Beasts of Bourbon
The Axeman’s Jazz/Sour Mash/Black Milk
Though they may have devolved into a pub-rock caricature of their former selves, The Beasts of Bourbon’s first three albums – 'Axeman’s Jazz', 'Sour Mash' and 'Black Milk' – exhibit the band at their eclectic best, writes PATRICK EMERY.
By the time The Beasts of Bourbon imploded in a screaming heap of excess and egos during their 2008 European tour, it was difficult to reconcile the band with their original incarnation. Once known for their idiosyncratic blend of psychobilly, sociopathic country and fucked-up blues, The Beasts had devolved into a spitting and snarling pub-rock caricature of their former self.
The story of The Beasts’ conception is reasonably well known. Tex Perkins had recently moved from his native Brisbane to Sydney with his band Tex Deadly and The Dum Dums. Left with a booking commitment compromised by the departure of some of his band mates, Perkins called upon Johnnys guitarist Spencer P Jones and Scientists bassist Boris Sudjovic to help him out. According to the first of many legends that grew up around the Beasts, the band played solely for alcoholic reward; a scenario that seems entirely plausible.
For the next year or so The Beasts line-up was a rotating cast of local luminaries, including Richard Ploog (The Church), The Scientists’ Kim Salmon and Boris Sudjovic, Stu Spasm (Lubricated Goat), Graham Hood (The Johnnys), and James Baker and Brad Shepherd from The Hoodoo Gurus (the latter eventually kicked out as a quid pro quo for the summary dismissal of Baker from The Gurus).
Eventually The Beasts settled on the line-up of Perkins, Jones, Salmon, Sudjovic and Baker. It was this line-up that sauntered into a Sydney recording studio to record the band’s first album, The Axeman’s Jazz. Like so much of The Beasts’ history, the recording session has become the subject of urban rock’n’roll mythology. It’s said the album –recorded immediately prior to Jones succumbing to a state of alcoholic paralysis, closely followed by Baker, with Salmon stumbling drunkenly into the oncoming traffic outside the studio – was restrained from a near certain fatal collision by Perkins’ watchful hand.
Despite its shambolic conception, The Axeman’s Jazz remains a seminal Australian independent release. From the folksy country-pop of ‘Evil Ruby’ and ‘The Day Marty Robbins Died’, to the Raymond Chandler-inspired ‘Love & Death’ and the murderous ‘Psycho’ (a cover of a Leon Payne song, which became the first single from the record), The Axeman’s Jazz blended psychotic lyrics, B-grade cinematic imagery and psychobilly-stained country licks. Salmon and Baker had contributed ‘Drop Out’ from their Scientists days, while the crowd-favourite ‘10 Wheels For Jesus’ conjured up images of a mescaline-ravaged Hank Williams indulging his inner-demons at the Grand Ole Opry.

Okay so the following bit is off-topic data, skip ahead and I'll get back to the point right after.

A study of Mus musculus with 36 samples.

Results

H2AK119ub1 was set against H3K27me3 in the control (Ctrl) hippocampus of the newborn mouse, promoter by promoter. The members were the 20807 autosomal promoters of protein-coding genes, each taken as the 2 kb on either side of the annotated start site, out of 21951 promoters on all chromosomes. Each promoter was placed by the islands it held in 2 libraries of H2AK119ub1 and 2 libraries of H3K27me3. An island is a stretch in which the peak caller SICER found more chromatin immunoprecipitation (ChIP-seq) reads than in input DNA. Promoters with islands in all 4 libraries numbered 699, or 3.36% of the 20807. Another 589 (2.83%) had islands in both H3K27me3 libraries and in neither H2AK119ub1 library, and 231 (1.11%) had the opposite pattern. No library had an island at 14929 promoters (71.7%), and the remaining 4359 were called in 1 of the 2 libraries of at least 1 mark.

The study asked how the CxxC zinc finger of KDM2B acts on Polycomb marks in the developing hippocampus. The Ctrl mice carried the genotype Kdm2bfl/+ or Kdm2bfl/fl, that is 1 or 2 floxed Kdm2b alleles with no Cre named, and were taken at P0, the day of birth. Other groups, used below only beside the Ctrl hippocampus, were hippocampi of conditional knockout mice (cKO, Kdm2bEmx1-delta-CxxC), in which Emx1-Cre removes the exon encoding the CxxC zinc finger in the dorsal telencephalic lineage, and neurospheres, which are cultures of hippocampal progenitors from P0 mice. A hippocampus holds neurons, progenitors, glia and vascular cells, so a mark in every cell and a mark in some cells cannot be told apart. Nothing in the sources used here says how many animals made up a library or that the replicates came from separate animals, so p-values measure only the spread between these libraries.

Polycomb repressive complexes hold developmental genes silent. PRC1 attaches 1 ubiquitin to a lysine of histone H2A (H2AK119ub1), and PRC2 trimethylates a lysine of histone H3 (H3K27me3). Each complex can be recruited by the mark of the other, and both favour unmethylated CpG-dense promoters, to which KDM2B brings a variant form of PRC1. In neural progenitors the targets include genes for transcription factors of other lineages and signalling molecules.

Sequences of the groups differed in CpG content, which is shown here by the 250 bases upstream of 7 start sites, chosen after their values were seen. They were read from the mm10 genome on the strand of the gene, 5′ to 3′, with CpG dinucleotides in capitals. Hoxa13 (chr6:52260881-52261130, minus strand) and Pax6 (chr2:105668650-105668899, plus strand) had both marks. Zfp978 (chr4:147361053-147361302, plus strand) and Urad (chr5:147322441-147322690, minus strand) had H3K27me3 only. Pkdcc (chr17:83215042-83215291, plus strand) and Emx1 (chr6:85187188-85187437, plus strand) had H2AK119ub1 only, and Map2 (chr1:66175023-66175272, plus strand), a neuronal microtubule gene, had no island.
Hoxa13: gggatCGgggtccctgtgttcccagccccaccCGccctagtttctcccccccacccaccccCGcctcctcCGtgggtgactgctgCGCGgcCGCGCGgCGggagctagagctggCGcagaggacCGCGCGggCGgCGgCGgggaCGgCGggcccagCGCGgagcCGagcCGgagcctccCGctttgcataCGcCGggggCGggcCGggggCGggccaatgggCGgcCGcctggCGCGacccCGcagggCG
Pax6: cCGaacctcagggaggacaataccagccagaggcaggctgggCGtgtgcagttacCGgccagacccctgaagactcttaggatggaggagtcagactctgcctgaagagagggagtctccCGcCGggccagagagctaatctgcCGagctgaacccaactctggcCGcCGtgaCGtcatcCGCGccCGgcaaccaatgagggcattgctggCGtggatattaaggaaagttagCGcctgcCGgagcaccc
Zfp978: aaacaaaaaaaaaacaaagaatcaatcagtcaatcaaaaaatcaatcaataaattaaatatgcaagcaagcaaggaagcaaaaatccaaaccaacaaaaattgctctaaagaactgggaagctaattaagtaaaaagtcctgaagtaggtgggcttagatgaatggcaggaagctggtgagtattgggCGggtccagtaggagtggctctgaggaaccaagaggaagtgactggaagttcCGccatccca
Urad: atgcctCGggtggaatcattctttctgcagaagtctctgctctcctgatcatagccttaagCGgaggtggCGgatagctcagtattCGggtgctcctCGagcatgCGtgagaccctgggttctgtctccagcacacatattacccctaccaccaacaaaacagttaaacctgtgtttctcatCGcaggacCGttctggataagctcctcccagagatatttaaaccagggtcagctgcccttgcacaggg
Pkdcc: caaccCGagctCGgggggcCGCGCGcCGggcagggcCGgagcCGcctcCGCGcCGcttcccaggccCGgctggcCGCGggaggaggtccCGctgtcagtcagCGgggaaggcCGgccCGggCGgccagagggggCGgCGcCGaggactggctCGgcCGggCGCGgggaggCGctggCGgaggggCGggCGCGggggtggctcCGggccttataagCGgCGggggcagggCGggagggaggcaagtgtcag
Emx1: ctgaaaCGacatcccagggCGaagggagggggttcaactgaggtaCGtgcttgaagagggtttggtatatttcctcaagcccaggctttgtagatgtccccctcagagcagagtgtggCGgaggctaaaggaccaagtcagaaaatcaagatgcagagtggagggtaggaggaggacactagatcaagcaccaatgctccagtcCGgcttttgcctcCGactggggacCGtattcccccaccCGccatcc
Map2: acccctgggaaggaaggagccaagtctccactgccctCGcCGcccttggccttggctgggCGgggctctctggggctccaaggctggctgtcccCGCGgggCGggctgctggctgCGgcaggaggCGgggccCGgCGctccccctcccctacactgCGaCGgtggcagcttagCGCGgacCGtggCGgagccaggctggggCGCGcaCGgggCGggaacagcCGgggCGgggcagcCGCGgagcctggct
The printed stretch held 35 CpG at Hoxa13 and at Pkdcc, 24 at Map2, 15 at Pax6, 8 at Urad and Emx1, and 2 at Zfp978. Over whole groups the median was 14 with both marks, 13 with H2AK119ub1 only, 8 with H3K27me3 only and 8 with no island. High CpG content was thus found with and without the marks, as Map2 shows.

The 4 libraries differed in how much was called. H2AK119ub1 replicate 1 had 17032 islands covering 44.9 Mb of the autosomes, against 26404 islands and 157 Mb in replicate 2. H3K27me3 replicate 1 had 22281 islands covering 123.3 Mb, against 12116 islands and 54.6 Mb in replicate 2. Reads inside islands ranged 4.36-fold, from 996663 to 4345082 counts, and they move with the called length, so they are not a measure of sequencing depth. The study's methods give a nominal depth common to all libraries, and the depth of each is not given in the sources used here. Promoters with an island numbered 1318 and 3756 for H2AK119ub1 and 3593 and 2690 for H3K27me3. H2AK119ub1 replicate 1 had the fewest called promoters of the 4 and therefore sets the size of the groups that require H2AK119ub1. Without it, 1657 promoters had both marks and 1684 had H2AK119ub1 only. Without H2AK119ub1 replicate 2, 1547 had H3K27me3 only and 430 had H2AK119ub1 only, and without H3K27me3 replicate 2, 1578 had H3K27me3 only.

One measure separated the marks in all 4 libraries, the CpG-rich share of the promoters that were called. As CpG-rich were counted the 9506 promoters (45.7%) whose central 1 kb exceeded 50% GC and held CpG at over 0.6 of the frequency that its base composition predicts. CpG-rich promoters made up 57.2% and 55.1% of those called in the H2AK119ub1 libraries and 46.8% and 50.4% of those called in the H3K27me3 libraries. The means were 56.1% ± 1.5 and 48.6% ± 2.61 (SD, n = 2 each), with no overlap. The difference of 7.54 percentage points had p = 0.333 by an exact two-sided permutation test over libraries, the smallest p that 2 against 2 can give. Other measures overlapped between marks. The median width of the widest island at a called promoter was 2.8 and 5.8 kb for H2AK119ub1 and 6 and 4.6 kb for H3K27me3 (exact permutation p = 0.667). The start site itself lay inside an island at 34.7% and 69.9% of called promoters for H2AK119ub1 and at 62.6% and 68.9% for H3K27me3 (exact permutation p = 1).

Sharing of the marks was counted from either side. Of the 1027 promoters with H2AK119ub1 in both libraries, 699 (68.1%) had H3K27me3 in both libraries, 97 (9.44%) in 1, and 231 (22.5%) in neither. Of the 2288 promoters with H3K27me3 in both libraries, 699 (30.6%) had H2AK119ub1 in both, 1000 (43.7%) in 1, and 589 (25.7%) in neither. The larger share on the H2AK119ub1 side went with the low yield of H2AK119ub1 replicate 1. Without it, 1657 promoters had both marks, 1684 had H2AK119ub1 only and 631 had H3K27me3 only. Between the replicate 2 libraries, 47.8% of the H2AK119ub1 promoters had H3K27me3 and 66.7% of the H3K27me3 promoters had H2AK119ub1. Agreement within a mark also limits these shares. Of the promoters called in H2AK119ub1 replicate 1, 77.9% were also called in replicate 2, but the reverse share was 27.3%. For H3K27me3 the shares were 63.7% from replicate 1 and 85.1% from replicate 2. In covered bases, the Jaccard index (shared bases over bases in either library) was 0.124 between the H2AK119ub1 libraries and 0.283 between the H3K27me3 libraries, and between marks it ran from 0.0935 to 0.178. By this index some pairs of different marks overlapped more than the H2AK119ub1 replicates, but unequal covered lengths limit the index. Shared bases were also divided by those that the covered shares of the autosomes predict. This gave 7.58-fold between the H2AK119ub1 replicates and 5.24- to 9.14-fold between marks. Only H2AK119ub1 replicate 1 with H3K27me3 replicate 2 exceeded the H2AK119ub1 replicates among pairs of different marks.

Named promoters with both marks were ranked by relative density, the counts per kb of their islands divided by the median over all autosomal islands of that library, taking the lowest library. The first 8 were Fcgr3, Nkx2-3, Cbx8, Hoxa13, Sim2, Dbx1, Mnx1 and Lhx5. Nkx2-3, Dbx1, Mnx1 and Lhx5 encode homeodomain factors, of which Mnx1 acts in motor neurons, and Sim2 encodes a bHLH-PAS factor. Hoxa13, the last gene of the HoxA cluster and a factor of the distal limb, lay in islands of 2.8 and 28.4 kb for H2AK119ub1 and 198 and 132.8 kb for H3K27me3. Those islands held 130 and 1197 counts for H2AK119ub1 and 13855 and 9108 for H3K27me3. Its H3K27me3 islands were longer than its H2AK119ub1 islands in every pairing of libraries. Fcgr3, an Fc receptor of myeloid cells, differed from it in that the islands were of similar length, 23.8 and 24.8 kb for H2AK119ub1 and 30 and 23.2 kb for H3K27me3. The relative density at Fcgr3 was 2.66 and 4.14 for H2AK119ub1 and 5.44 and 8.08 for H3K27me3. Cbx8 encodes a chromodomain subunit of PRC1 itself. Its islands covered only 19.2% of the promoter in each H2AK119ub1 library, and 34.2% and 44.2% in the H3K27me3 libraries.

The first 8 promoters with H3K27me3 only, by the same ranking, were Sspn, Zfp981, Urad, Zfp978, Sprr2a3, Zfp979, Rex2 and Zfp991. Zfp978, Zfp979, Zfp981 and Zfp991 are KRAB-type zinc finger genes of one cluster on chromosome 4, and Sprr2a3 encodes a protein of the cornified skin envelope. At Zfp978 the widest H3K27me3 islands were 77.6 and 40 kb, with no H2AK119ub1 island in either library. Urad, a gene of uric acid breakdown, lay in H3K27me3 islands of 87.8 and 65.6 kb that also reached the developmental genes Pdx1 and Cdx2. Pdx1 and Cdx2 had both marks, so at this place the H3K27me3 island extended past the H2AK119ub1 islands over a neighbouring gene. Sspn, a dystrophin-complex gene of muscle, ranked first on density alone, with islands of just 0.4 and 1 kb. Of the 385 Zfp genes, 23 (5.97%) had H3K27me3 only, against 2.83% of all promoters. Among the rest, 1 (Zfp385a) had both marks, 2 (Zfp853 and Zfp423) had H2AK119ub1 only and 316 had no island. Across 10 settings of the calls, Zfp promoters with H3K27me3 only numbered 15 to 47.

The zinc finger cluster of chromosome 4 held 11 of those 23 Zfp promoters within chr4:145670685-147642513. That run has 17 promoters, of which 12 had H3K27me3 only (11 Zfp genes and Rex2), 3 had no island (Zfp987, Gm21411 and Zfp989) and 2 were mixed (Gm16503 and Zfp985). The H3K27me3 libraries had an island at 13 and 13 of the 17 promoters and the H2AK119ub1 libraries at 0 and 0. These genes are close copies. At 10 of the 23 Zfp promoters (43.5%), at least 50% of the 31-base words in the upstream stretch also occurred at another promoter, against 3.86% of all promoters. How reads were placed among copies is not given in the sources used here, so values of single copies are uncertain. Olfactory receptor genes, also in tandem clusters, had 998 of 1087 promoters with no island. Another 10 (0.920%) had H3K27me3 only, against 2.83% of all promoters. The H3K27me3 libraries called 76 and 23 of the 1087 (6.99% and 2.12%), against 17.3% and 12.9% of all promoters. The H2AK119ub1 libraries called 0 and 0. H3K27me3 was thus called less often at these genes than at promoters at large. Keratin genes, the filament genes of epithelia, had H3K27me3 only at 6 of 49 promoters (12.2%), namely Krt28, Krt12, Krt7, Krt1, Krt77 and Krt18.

“According to the first of many legends that grew up around the Beasts, the band played solely for alcoholic reward; a scenario that seems entirely plausible.”
Despite its initial cult success, The Beasts ceased activity while the various members pursued other projects. By 1988, the members of The Beasts were ready to reconvene. Salmon and Sudjovic had returned from the UK in the wake of The Scientists’ implosion. With his own efforts at European success having ended in disappointment and deportation, Perkins was looking for a more solid outfit to take up the slack from his various ramshackle outfits, which included Thug, Toilet Duck and The Butcher Shop. Baker and Sudjovic took time out from the fledgling Dubroviks, and The Beasts emerged from hibernation to record the band’s second album, Sour Mash, which adopted a similar conceptual pattern to The Axeman’s Jazz.
Jones’ ‘The Hate Inside’ took up where ‘Psycho’ left off, ‘The Big Sleep’ continued the Raymond Chandler indulgence while ‘Elvis Impersonator Blues’ followed in the vein of the oddball humour of ‘10 Wheels for Jesus’. Perkins had also brought with him the misogynist rant ‘Hard for You from The Butcher Shop’, and in doing so arguably sowed the seeds of the linear rock path that would eventually suffocate the 21st century Beasts. By way of contrast, Salmon’s ‘Playground’ might just as easily have found itself on The Scientists’ Human Jukebox or the Surrealists’ Hit Me With the Surreal Feel.
In 1990, The Beasts headed back into the studio to record what would be the final album featuring the original recording line-up, Black Milk. In hindsight, Black Milk is the album that first highlighted the fork in the road The Beasts were rapidly – and presumably drunkenly – approaching. While the title track, replete with Perkins’ breathless vocals and the shards of guitar, returned The Beasts into the darker territory they’d always been comfortable with, Salmon’s contributions (‘Hope You Find Your Way to Heaven’, ‘Cool Fire’, ‘Words From a Woman to Her Man’ and ‘I’m So Happy I Could Cry’) suggested a more complex emotional character that was ultimately outflanked by the Beasts’ boozing, obnoxious public persona. The first single, a blistering cover of Hound Dog Taylor’s ‘Let’s Get Funky’, soon found a regular position in the Beasts’ set-list, alongside Jones’ ‘Bad Revisited’ and ‘Execution Day’.
By 1991 Baker and Sudjovic had decided to concentrate on The Dubrovniks, to be replaced by Tony Pola and Brian Hooper from Salmon’s Surrealists. While the Low Road line-up would solidify the Beasts’ reputation, never again would they exhibit the eclectic style – not to mention the sense of humour – of the first three albums. With the final line-up of the Beasts now laid to rest, and the band’s original output re-released and digitally re-mastered, surely the time is right for a reformation of the original recording line-up. Don’t Look Back, anyone?
The Beasts Of Bourbon The Axeman’s Jazz/*Sour Mash*/Black Milk box set is out now on Provenance/Inertia.